If you’re struggling with debt, knowing the Easter holidays and added spend are just around the corner may be creating additional stress. The good news is there is a solution to ease the strain: debt consolidation.
Debt consolidation involves combining your current debts, including your credit card balances, car and home loans and other debts such as student loans, into one single and more manageable debt.
While the old saying ‘Don’t put all your eggs in one basket’ may hold true when it comes to your assets, putting all of your debts in the hands of a single lender can help you take control of your finances and ease the strain.
The benefits of debt consolidation
One of the big benefits of debt consolidation is that it offers the opportunity to secure lower interest rates and minimise your weekly or monthly repayments.
Debt consolidation also makes managing repayments easier as you only have one payment and one set of fees to pay. This can be a huge psychological relief.
Your debt consolidation options
If you’re considering debt consolidation, there are three main options open to you. Which you choose should be based on your specific financial situation and the current rates and offers available.
1. Combining your debt into a debt consolidation loan
This involves applying to a bank or other credit provider for a personal loan or debt consolidation loan, which you then use to pay off your existing debt.
- Consolidated debt is paid off over a set period giving you a clear end date
- Interest rates are generally lower than credit cards
- Minimum repayments are often higher than a credit card
- If you can’t make repayments, late fees and interest can increase your debt
If you did want to go down this route, we can help you find the right debt consolidation solution for you.
2. Moving all credit card debt to a new card via an interest transfer offer
Many credit card providers offer low or zero per cent interest rates to transfer existing credit card debt to a new card. These rates are typically available for a limited time period of approximately six months to two years.
- You pay low or no interest for the duration of the transfer offer
- Breathing space to pay down your debt (provided you make repayments)
- When the low-interest period ends, you pay a higher interest rate
- It may not consolidate your full debt, as some transfers are capped
3. Consolidating your debt with home loan refinancing or mortgage add-on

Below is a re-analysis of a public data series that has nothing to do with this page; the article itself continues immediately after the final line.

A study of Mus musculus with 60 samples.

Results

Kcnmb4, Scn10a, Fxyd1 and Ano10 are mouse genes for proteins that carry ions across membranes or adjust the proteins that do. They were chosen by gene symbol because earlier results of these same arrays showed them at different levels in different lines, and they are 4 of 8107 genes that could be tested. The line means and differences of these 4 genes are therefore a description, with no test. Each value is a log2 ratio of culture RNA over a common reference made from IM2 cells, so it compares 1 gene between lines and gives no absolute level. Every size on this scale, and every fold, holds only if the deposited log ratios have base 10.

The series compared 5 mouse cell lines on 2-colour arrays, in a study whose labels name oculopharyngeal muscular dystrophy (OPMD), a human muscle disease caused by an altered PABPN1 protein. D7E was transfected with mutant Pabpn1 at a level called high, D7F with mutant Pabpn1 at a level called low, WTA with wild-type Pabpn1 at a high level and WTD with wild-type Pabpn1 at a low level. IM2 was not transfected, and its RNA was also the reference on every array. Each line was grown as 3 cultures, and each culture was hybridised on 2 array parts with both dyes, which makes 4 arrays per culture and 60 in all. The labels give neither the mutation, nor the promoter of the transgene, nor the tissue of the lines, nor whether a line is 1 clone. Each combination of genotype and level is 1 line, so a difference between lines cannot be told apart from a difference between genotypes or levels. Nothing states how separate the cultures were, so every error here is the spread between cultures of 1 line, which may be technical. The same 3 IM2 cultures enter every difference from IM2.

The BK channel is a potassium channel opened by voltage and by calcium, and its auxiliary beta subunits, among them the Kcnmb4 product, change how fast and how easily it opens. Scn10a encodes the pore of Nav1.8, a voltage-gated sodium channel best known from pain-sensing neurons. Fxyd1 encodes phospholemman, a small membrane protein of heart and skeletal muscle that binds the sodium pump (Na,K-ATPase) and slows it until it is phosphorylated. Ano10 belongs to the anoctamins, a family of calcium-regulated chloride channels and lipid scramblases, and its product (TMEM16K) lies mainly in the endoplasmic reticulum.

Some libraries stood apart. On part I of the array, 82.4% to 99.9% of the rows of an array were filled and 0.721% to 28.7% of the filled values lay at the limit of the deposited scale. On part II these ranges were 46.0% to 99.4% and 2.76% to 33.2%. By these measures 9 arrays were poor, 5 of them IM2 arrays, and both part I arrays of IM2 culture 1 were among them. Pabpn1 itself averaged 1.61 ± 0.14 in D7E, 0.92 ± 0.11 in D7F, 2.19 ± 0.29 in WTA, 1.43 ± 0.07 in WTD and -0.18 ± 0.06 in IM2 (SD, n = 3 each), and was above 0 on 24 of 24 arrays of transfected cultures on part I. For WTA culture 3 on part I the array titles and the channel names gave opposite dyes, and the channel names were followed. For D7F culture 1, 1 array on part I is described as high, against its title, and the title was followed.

If you’re a homeowner, you can choose to consolidate your existing debts by transferring them to your home loan. You can do this by either increasing your current mortgage or by refinancing to a new larger loan.
- Home loans typically have a lower interest rate than personal loans
- If you refinance, you may be able to secure a lower home loan interest rate, especially in today’s low-interest climate
- Because the terms of the loan are longer, you’ll pay more interest over time
- Unsecured debts become secured debt, secured by your home. This puts your property at risk if you do default on payments
A debt consolidation calculator is a great tool to help you work out how you could best combine your unsecured debt into one single affordable payment.
Avenues to debt consolidation
There are many avenues you can explore for debt consolidation. These include mortgage providers, home loan providers, credit providers and balance and transfer offers.
But beware: lenders may put their own interests above yours and aren’t always transparent. So don’t jump at the first option presented to you. Instead, make sure you explore your options, compare interest rates, and look at fees and other costs.
In addition, make sure you consider any penalties you may face by pulling out of your existing credit agreements early. Sometimes these can work out costing you more than you would be saving by consolidating your debt.
Getting help with debt consolidation
Deciding whether debt consolidation is right for you – and which option and provider to go with – isn’t easy. If you make the wrong decision, you could actually make your situation worse. Because of this, you might want to think about working with an independent debt consolidation specialist like ourselves.
A good debt consolidation specialist will offer you an objective point of view, talk you through some other first-step options, such as negotiating with your lenders, and help you make smart decisions.
When selecting a debt consolidation specialist, here are some red flags that can indicate they’re not as helpful as they seem:
- They don’t hold a license
- They ask you to sign blank documents
- They refuse to discuss repayments
- They rush you through the transaction
- TThey won’t put all loan costs and the interest rate in writing before you sign
- They arrange a business loan when all you need is a basic consumer loan
Debt consolidation and credit score
It’s important to note that accessing any credit product will appear on your credit score. If you take out multiple credit products, this can negatively impact it. The same will happen if you can’t keep up repayments.
On the flip side, if you can manage your repayments – which should be easier with the right debt consolidation product – your score will rise.
Consider putting your debts in one basket today
Debt consolidation can be a great option if you’re struggling with credit card, unsecured loans and other debt. The sooner you deal with your debt, the sooner you can reduce it.
However, make sure you look at all your options or call in a debt consolidation specialist to help before you put your eggs in one basket – otherwise you may find cracks appearing in your debt rescue plan.